Hello fellow nurses,
I am a home care nurse in California. I have always been interested in public health, but as of 2008 budget cuts, that is no longer an option for me. I have been thinking of a career change. Activism is very interesting to me. I am wondering if there are nurses out there that make a living doing this kind of work. How do you do it? Did you get a specialized degree? Any info would be appreciated.
Also, aside from work, volunteering in this area interests me. I like the ideas of universal health care, healthcare reform, increasing reimbursement for alternative health practices, and expanding nursing scope of practice to include alternative health practices. Any ideas on volunteer opportunities?
Thanks and wishing you all well!
Mar 31, '13
It's kind of sad that no one has answered you.
I have been, and continue to be a nurse "activist". There are others, such as Dr. Laura Gasparis Vonfrolio, buit they are far and few between.
Nursing organizations, with one exception, are grossly underfunded for political action. They simply don't have the membership for aggressive political action. The existing ANA leadership is satisfied to be invited to the table on health policy. Nursing activists would want to sit at the table, as equals. We have many issues in healthcare we could contribute to, but much of our "leadership" are affiliated with the American Hospital Association (the AONE) and the rest are primarily educators. Both groups have essentially distanced themselves from the core of nursing, direct patient care.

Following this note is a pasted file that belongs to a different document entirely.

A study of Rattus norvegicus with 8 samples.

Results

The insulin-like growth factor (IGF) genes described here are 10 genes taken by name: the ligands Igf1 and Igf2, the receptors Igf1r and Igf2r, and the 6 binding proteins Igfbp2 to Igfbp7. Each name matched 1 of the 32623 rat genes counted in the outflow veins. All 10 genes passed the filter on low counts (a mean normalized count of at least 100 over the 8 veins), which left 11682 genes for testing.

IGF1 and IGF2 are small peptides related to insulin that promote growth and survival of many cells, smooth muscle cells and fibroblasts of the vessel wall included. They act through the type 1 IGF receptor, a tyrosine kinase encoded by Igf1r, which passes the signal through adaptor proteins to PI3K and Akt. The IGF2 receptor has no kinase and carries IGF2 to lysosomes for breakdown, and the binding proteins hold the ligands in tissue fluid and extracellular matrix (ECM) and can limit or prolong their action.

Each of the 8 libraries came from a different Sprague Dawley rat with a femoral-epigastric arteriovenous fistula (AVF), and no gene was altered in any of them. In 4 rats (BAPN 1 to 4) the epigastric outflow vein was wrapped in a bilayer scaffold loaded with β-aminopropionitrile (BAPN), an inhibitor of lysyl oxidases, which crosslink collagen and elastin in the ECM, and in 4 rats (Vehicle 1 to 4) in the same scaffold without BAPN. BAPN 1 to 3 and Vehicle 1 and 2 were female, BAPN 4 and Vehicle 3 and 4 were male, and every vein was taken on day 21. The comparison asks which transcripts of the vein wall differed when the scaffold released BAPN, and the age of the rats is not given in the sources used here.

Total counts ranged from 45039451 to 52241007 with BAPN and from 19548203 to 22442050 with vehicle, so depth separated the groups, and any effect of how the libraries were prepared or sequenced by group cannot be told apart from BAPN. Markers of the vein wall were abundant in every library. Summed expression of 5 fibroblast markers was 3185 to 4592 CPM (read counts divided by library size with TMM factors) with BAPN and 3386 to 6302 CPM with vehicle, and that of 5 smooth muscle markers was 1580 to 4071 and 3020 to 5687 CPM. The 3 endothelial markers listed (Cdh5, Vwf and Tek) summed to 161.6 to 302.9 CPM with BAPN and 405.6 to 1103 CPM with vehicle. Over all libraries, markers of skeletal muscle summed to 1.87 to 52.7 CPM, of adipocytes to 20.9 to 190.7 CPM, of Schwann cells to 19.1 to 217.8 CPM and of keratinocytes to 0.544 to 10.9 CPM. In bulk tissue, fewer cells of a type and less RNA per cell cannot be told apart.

The one group that does seem to understand this is the NNU. I would suggest checking them out and joining if you feel so inclined. Go to the meetings in your area since you live in California. Find out how you can help. We can all support this group by simply joining, you don't have to be unionized. Empowering them empowers all of us.
That said, they don't champion Advanced Practice, so if you are interested in this effort you need to seek out the APN network in your state and contact them. There are always things to be done. Letter writing to your local paper, going on radio shows to talk to the public, and contacting and educating your local representatives and senators.
Now if you can just get over the inertia that most nurse seem to have, you will already be ahead of the curve!